Published by St. Martin’s Griffin on September 10, 2013
Genres: Young Adult, Contemporary, Romance
A coming-of-age tale of fanfiction, family and first love
CATH IS A SIMON SNOW FAN. Okay, the whole world is a Simon Snow fan… But for Cath, being a fan is her life–and she’s really good at it. She and her twin sister, Wren, ensconced themselves in the Simon Snow series when they were just kids; it’s what got them through their mother leaving.
Reading. Rereading. Hanging out in Simon Snow forums, writing Simon Snow fanfiction, dressing up like the characters for every movie premiere.
Cath’s sister has mostly grown away from fandom, but Cath can’t let go. She doesn’t want to.
Now that they’re going to college, Wren has told Cath that she doesn’t want to be roommates. Cath is on her own, completely outside of her comfort zone. She’s got a surly roommate with a charming, always-around boyfriend; a fiction-writing professor who thinks fanfiction is the end of the civilized world; a handsome classmate who only wants to talk about words…and she can’t stop worrying about her dad, who’s loving and fragile and has never really been alone
For Cath, the question is: Can she do this? Can she make it without Wren holding her hand? Is she ready to start living her own life? And does she even want to move on if it means leaving Simon Snow behind?
I was very excited to read Fangirl after hearing so many wonderful reviews of it. I’ve read Rainbow Rowell’s two adult novels, and really enjoyed them. I had a feeling Fangirl would be another great book. The story follows Cath, an introverted teenager who is starting her first year at college. Cath hoped she could experience her first year with her identical twin sister, Wren, but Wren wanted to do her own thing. This leaves Cath alone in her dorm room, afraid to even leave to find the cafeteria. Cath spends her time writing fanfiction for the beloved Simon Snow book series, which is comparable to Harry Potter.
I had some trouble getting into Fangirl at the beginning. I had flashbacks to my freshman year of college, which was a very difficult time in my life as well. I could relate to Cath even though she is a very extreme version of who I was in college. I was rooting for her from the start!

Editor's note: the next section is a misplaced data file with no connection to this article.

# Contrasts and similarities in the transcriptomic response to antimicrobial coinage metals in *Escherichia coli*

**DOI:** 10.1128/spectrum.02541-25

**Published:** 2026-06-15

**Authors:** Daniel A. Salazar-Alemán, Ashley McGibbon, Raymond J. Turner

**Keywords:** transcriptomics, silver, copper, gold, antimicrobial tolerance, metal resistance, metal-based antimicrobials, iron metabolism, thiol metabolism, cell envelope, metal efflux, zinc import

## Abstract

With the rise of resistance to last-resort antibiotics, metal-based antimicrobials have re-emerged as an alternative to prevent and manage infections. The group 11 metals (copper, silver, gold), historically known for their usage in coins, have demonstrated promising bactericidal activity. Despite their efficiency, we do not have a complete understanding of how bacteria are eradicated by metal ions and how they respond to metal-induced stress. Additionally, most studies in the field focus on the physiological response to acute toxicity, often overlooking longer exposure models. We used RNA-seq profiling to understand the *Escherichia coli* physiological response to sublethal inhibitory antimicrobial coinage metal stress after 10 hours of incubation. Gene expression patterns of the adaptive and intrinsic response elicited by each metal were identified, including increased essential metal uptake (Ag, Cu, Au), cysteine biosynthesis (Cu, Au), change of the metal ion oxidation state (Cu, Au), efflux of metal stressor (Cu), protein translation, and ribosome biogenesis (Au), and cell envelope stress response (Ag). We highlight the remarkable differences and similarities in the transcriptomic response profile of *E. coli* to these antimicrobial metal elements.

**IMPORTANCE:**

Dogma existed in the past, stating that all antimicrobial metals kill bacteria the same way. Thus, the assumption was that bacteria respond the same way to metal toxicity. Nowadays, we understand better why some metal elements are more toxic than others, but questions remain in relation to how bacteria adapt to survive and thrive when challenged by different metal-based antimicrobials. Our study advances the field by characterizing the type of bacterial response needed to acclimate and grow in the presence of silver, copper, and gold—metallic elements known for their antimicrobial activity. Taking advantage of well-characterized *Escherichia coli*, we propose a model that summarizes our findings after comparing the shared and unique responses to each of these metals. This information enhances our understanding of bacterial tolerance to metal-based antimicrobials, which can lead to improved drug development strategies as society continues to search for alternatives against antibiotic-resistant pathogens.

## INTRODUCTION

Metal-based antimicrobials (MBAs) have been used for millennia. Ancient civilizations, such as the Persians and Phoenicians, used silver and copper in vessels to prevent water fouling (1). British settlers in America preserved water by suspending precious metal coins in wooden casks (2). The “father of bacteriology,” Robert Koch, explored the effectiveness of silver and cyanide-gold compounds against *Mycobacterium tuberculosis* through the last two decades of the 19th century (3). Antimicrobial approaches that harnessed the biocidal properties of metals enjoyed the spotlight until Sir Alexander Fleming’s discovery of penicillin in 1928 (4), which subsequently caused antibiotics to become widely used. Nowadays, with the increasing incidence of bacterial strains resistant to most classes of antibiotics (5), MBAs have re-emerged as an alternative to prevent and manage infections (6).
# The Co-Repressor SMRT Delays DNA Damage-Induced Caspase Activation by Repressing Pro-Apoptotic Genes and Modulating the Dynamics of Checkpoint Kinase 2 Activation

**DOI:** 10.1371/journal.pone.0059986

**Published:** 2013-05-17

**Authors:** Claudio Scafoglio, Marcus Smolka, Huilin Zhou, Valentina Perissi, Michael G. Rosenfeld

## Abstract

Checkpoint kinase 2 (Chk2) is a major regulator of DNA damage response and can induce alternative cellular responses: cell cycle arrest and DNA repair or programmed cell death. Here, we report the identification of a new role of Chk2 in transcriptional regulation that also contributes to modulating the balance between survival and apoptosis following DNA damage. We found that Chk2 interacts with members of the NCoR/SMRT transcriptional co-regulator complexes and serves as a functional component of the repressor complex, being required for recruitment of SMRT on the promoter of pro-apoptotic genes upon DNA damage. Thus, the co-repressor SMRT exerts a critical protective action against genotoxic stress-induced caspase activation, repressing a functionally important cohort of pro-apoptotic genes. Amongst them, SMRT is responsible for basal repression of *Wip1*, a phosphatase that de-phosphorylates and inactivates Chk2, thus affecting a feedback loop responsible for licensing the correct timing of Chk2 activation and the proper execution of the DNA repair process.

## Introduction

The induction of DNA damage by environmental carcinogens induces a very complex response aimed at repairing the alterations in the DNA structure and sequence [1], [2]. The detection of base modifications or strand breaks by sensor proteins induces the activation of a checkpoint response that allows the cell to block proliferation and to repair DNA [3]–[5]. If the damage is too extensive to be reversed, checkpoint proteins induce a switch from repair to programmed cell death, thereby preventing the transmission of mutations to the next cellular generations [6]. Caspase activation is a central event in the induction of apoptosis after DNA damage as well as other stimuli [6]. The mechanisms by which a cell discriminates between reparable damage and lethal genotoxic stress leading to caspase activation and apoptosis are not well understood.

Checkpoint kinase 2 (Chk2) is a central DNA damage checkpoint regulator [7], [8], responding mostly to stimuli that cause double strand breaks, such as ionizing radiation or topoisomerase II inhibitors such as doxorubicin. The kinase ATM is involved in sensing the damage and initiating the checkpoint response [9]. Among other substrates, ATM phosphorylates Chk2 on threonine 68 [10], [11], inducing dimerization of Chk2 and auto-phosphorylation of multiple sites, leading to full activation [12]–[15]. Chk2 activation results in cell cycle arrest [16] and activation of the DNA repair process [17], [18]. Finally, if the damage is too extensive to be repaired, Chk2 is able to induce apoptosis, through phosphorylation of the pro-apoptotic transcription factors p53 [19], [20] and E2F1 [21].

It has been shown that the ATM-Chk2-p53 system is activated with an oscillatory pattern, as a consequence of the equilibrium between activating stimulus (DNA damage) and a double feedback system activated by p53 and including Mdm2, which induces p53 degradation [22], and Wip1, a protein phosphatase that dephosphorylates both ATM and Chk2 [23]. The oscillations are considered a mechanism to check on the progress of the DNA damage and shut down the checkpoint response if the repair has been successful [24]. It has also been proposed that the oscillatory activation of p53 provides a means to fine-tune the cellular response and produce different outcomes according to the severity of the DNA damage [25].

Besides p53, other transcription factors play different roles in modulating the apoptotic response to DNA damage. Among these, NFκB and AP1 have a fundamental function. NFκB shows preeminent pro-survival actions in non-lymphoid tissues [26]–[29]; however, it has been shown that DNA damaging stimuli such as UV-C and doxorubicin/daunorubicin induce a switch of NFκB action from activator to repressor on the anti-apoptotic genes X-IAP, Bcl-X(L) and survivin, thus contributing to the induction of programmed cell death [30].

The characters in Fangirl are my absolute favorite part of the novel. There is family drama, love interests, surprising friendships, and more. I love that Rowell writes characters that struggle with real-life issues that are often not represented in young adult literature. For example, Cath’s father has bipolar disorder, a mental illness that takes a toll on his entire family. In addition, Cath’s identical twin Wren goes the ‘typical’ college student route, and begins non-stop partying. It is so refreshing to have such distinct and well-developed characters in this book.
That being said, I did have a few issues with Fangirl. First, I didn’t really get the whole Simon Snow thing. In between each chapter there is an excerpt from either a Simon Snow novel or Cath’s fanfiction based on Simon Snow. I really didn’t like those excerpts, mainly because I couldn’t connect them to what was going on in Fangirl, and there wasn’t enough for me to form a full picture of the Simon Snow world. While I thought it was great that Cath was so into fanfiction, I didn’t enjoy when she read portions of her work out loud for several pages.
Moreover, my biggest issue with Fangirl is with the ending (or lack thereof). I won’t spoil you in this review, but suffice it to say I was very frustrated with how this book came to a close. Cath’s first semester of college is drawn out and fully explored, and then her second is rushed. In addition, there are so many unanswered questions. Readers don’t get to find out if Cath finished her fanfiction in the timeframe she wanted, or what happens to a lot of the characters. It really bummed me out that the book ended this way, because there is so much about Fangirl that I really loved, but I had a sour taste in my mouth as I closed the book. It seems that Rowell loves to leave her readers unsatisfied.
All in all, I did enjoy the journey of reading Fangirl, and I can see why so many people love the book. I ended up giving this book a four star rating, even though it probably is more of a three because of the ending. Nonetheless, I highly recommend this book if you are the shy one. Cath’s story is very relatable, and I can see it comforting many who may feel alone whether at college or at any other stage in life. Of course, if you enjoy young adult contemporary and a good love story, this is a great option. I look forward to picking up Carry On, Cath’s fanfiction that is now its own fantasy novel, at some point very soon.
BUY THE BOOK
When you buy a book through the Amazon or Book Depository links above, I earn a small commission through each website’s affiliate program. All opinions are my own. See my Disclosure Policy for more information.